I returned from Guatemala and the Hogar San Rafael Ayau Orphanage as scheduled late Monday evening. After a day of "catching up" at home (mainly correcting midterm exams from XU) I am back at the church. I am also back to using English which does come to me a bit more naturally! Be that as it may, I would like to share with you some serious reflections and observations following my short stay at the Hogar, especially concerning the children and their upbringing there by Madres Ines, Maria and Ivonne.
As usual, a visit to the Hogar is an experience that paradoxically fills me with a sense of sadness and inspiration. In just a short period of time, it is virtually impossible not to feel sad on behalf of these "abandoned, abused, and orphaned children" and the brokenness of their young lives. There are many encounters that will either melt or break your heart. Yet simultaneously, it is impossible not to be inspired and deeply moved in a positive sense as you briefly witness how these broken lives are being protected and even slowly put back together again. The process of healing is taking place below the surface and when clear signs of it become manifest this is truly exhilarating and a cause for joy. Here is a very poignant and dramatic case in point:
There is a lovely young girl of about ten that presvytera Deborah and I met in June and spent some time with on an outing to a plant and garden nursery. We made friends that day and enjoyed her company for the rest of the week there. On my recent visit I discovered the shocking fact that she had been horribly violated ("let the reader understand") while living in a tenement building. She was then eventually brought to the Hogar and taken in. This is the part that truly breaks your heart, especially when you see this child up close, call her by name, hold her hand, exchange hugs, and spend some time with her. To be perfectly honest, it also boils your blood. These are sins that are not easily forgiven. The tragic character of the fallen world is no more fully manifested then in the destruction of the purity and innocence of a child. The consequences are severe. The words of Christ make this clear: "It is impossible that no offenses should come, but woe to him through whom they do come! It would be better for him if a millstone were hung around his neck, and he were thrown into the sea, than that he should offend one of these little ones." (LK. 17:2) This also makes many of the children very susceptible to mood swings that will include a kind of depression. And yet this young girl has been baptized and now participates in the sacramental life of the Church on a daily basis. So, I am not ashamed to say that when she came to Communion on Sunday while I was serving, tears came to my eyes as I gave her the Body and Blood of Christ "unto life everlasting." This little child is truly on a journey from hell to heaven! She has been in the "dark pit" described by the psalmist, and has now returned to the light of day. This is the part that is inspiring. Or that uplifts your troubled heart.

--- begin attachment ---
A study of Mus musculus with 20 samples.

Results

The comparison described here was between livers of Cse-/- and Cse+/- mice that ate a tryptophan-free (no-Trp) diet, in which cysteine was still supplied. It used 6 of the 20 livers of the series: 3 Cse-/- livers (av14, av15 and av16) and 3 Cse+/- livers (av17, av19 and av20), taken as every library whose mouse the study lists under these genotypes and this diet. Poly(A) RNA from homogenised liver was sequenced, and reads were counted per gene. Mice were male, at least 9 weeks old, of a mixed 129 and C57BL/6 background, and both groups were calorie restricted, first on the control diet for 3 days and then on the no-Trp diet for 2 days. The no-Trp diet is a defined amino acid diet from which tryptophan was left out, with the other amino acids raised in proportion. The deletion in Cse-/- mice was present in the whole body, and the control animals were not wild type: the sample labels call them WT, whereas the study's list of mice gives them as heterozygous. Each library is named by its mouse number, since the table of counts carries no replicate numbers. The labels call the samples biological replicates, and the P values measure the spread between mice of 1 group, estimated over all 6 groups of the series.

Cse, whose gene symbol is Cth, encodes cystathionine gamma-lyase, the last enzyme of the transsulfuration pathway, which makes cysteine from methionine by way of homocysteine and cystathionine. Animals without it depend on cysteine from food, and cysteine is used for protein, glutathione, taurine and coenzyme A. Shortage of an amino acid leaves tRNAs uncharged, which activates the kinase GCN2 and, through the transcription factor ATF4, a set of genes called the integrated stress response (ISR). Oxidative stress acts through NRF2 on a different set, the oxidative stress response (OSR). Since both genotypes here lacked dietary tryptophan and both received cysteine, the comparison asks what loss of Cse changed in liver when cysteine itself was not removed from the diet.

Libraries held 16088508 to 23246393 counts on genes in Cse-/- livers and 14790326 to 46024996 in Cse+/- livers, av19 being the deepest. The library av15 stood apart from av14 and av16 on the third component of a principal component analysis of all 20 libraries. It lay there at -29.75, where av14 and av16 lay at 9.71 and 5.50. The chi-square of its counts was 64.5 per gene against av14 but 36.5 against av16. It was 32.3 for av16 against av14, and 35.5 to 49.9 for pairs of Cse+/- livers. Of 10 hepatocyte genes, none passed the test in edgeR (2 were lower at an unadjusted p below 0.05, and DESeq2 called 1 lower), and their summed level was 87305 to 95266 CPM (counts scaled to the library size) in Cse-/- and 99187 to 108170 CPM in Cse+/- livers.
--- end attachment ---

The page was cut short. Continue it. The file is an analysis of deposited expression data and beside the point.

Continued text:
We cannot romanticize this healing process. It is slow and difficult. Children of various ages arrive at the orphanage fearful of, or enraged at, adults. Their bodies and souls are scarred with the wounds of fearful transgressions. Madre Ivonne further shared with me that for many of the children, it is not until they are about fifteen or so when they realize that they are being cared for in a spirit of love. (By that age at the Hogar, we are speaking about teen-aged girls, for the boys have been transferred elsewhere to another very fine institution - Ak Tenamit - that further educates them and prepares them for life in society). They may not really "open up" until then and fully trust their caregivers. When the children or young adults begin to respond to love, with love, the entire Hogar rejoices.
When you support the Hogar it is a child like this that you are supporting! You are helping to feed, clothe, and educate her. And protect her from the outside world that has betrayed her. You are helping to maintain her in a Christ-filled environment. It is a noble and worthy cause. May it be blessed. Any may God grant Madres Ines, Maria and Ivonne many years in their monastic vocation and in their ministry to the "abandoned, abused and orphaned" children of the Hogar San Rafael Ayau Orphanage!
Fr. Steven C. Kostoff is the parish rector of Christ the Savior/Holy Spirit Orthodox Church in Cincinnati, OH. He is also an adjunct faculty member at Xavier University in Cincinnati, where he teaches in the theology department.